Hey there, time traveller!
This article was published 3/4/2014 (1177 days ago), so information in it may no longer be current.
The growing chorus of people speaking out against the Conservative federal government’s ironically named Fair Elections Act reads like a who’s who of well-respected experts on public policy.
University of Manitoba emeritus Prof. Paul Thomas, a “widely published expert on Canadian politics” as the Huffington Post called him, and “a member of a commission that advised Parliament on recent federal electoral boundary changes in Manitoba,” said the act will weaken the public’s trust in Canadian elections and lower voter turnout.
Thomas is joined by dozens of other professors and respected scholars from around the country, and internationally, including Brandon University political science associate Prof. Kelly Saunders, as we have mentioned before on this page.
B.C. elections chief Harry Neufeld, who authored the Compliance Review for Elections Canada — the apparent basis for the Tories’ elections act — has come out against the legislation, saying Minister of State for Democratic Reform Pierre Poilievre must either reform the bill or kill it.
There has been no proof of any voter fraud — Neufeld’s report never alleged that the act of vouching for a candidate who could not produce identification created voter fraud, and the Conservatives have been unable to produce any tangible evidence of it, only vague and misleading assertions.
By disenfranchising hundreds of thousands of Canadians, Neufeld says the Conservatives are in danger of committing a serious violation of the Charter of Rights and Freedoms.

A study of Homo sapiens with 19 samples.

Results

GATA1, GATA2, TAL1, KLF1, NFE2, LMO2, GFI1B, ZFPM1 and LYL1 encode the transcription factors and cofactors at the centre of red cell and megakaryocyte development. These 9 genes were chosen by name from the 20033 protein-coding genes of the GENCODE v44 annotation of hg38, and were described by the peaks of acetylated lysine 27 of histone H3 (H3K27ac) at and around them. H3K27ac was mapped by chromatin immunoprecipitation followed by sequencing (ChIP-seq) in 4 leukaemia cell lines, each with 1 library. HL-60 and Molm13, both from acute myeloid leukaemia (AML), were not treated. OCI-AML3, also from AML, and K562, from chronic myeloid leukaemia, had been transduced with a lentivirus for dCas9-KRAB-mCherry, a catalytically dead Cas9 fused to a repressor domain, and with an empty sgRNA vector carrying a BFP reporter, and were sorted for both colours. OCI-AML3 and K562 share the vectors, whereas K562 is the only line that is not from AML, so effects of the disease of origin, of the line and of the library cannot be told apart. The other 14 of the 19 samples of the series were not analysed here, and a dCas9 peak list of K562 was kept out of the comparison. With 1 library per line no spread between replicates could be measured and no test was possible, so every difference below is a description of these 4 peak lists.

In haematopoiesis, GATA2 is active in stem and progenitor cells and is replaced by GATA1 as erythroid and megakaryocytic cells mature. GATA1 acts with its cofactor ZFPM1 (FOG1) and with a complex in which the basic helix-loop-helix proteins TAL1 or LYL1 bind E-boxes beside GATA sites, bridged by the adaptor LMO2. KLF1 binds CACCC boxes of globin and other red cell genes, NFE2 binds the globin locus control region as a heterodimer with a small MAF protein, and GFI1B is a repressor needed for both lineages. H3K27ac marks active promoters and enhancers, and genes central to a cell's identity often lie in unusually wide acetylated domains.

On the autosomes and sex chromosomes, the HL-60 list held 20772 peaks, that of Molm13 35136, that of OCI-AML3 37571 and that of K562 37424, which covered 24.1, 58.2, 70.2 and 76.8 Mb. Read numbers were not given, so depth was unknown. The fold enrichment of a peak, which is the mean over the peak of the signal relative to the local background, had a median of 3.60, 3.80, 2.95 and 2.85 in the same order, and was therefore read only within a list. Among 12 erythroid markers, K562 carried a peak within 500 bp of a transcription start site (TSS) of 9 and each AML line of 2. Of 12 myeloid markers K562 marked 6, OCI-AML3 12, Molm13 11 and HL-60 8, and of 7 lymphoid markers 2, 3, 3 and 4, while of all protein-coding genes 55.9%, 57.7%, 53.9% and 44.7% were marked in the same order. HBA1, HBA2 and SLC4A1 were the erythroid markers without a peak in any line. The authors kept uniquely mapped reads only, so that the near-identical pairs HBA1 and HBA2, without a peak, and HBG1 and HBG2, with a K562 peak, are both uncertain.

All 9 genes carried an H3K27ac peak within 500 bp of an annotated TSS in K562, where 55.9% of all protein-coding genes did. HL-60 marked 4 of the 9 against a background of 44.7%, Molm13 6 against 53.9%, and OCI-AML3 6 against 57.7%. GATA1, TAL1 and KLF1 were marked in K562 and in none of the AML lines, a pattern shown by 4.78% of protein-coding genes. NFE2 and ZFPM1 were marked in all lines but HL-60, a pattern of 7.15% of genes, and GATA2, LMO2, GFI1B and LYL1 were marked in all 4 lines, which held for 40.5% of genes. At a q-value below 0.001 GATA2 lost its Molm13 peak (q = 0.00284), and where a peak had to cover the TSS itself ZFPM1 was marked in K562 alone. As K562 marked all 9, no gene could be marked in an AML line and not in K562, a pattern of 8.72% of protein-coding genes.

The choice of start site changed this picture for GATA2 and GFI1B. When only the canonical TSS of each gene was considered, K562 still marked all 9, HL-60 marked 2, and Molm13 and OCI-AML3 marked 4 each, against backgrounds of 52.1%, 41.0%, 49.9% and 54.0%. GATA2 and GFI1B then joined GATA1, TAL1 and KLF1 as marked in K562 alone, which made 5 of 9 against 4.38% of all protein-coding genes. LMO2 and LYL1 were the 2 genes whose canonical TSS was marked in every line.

“This is a fundamental right. It’s guaranteed by the charter. It’s guaranteed by international treaties. You have the right to vote,” Neufeld said late last month.
This has gone well beyond partisan sniping and whining. Criticism over Poilievre’s bill speaks directly to the heart of our electoral system. As we have mentioned before, even former Reform Party leader Preston Manning has publicly questioned the legislation.
And still, Poilievre contends that his Fair Elections Act is a reasonable overhaul of federal election rules, going so far as to call the act “terrific.”
Until now, the minister has been defending the bill by focusing on the idea of the need for producing an ID to vote. But there’s much more to dislike about this bill than simply disenfranchising voters, as if that weren’t enough.
Investigations involving the Conservative party, including an ongoing probe into fraudulent robocalls made during the last federal election, are in danger of being scrapped if this bill is passed without amendment.
As reported by CTV News, elections commissioner Yves Côté said that if he isn’t given the power to compel testimony from witnesses, “some investigations will abort because of our inability to get at the facts.”
However more the Conservatives dig in their heels to defend the bill, the government may find it more difficult to vilify the latest well-known critic to add their voice to the growing chorus against the bill — none other than Canada’s former auditor general, Sheila Fraser.
Keep in mind, this is the same woman who exposed the sponsorship scandal that brought down the previous Liberal government. According to a report yesterday by The Canadian Press, Fraser now argues that Canadians need to speak up against this sweeping legislation to force the Tories to back down.
“When you look at the people who may not be able to vote, when you look at the limitations that are being put on the chief electoral officer, when you see the difficulties, just the operational difficulties that are going to be created in all this, I think it’s going to be very difficult to have a fair, a truly fair, election.”
We think Ms. Fraser is absolutely correct. If Canadians are troubled by what they are hearing and reading about the Fair Elections Act, now’s the time to speak up.